Industry body FADA (Federation of Automobile Dealers Associations) called the outgoing Diwali festive season the worst in the last decade and it also expects demand to be subdued during the next festive season around Christmas when vehicle sales traditionally see a spike.
"If I talk specifically about the car industry, the next spike should be in December because of the model changes but seeing the current stock level and production level, it's difficult to assess the situation. Next festive season during Christmas/New Year is also expected to be subdued," said Vinkesh Gulati, president, FADA, an industry body, which represents over 15,000 auto dealers that own over 26,500 outlets across the country.
"There are long waiting times and no push for customers to come and buy vehicles. The incentive for fresh customers is missing. Overall, I feel till the time the production problem solves, till that time I don't see any spike happening. The spike will happen first in the production side and then on the retail side," Gulati added.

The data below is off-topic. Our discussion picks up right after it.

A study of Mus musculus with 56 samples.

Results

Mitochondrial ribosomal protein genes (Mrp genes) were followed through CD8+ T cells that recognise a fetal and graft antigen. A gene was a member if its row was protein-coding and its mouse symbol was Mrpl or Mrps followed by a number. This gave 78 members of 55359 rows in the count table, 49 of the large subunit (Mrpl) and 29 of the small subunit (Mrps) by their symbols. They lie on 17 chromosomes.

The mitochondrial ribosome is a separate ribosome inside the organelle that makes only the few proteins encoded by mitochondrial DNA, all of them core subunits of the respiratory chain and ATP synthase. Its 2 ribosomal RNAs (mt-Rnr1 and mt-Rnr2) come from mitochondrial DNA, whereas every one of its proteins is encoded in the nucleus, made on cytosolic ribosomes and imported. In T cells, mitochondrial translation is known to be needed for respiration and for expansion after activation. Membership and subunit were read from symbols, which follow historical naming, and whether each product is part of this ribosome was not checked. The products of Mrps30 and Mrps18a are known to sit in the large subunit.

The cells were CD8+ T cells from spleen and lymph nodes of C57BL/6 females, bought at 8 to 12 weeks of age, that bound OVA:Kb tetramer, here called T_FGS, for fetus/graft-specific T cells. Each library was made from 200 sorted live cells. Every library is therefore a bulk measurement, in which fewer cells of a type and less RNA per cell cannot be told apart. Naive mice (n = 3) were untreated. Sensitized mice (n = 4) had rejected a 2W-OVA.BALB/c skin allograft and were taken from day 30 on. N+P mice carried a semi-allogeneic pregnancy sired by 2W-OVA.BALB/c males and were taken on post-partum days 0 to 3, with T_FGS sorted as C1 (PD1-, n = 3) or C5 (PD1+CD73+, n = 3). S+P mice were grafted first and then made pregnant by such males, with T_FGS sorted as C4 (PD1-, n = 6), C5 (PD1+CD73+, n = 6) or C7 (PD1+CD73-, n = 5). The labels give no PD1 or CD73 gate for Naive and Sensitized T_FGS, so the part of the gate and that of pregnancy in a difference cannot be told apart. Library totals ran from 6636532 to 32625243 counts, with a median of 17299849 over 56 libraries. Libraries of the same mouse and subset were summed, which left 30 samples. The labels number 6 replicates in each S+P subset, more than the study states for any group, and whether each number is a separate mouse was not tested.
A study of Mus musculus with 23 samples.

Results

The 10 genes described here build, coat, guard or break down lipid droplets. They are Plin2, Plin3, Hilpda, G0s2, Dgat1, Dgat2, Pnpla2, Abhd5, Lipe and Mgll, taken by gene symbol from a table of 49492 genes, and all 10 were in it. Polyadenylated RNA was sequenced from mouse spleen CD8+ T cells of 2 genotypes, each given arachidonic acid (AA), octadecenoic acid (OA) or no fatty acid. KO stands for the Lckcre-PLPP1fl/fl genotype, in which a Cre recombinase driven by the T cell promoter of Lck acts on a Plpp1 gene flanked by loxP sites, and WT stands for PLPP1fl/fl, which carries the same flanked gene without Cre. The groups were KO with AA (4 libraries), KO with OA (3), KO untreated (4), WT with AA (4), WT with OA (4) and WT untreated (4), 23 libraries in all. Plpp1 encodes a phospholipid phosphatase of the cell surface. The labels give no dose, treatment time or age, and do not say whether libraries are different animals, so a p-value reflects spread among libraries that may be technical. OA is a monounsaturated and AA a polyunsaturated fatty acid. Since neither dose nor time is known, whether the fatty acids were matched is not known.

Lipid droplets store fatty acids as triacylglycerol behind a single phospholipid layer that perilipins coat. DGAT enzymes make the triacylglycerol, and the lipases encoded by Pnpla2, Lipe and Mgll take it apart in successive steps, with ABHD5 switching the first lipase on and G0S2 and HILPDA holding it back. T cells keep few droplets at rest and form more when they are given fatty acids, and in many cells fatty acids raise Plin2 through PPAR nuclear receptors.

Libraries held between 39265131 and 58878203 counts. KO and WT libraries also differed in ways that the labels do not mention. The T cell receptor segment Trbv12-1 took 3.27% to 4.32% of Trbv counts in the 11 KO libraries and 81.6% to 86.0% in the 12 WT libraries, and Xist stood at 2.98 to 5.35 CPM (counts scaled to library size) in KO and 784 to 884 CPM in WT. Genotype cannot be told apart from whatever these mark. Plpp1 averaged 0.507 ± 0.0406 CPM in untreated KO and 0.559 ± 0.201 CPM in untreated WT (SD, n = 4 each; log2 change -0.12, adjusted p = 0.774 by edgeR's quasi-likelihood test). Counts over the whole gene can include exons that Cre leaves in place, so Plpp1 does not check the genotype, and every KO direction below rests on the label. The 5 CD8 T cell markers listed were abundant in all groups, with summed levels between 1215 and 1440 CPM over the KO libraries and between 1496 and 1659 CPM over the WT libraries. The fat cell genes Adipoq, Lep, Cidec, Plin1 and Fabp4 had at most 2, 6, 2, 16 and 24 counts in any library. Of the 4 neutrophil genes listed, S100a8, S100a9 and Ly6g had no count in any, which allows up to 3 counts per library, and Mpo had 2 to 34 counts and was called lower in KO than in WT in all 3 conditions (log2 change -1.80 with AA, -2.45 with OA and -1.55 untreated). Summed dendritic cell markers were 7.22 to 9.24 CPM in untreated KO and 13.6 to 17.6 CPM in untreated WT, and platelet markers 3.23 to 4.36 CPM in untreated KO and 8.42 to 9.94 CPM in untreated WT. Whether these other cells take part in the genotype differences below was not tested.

"We were expecting that the festive season wouldn't be good but such a bad situation, we never expected," he said.
He said that generally, around 30% of retails happen by fresh walk-ins. "This time due to the unavailability of vehicles, the fresh walk-ins couldn't come. That's a big loss to the industry. These purchases are instant. The trigger is not the need of the car in these cases, it's the festive season," Gulati said.
Dealerships, he said, are currently dealing with a lot of customer concerns. "Lot of customer complaints are going to the manufacturers because we're not able to deliver. It's a problematic time for us. We're dealing with customer dissatisfaction. Whatever we commit, we're not able to deliver on that," Gulati noted.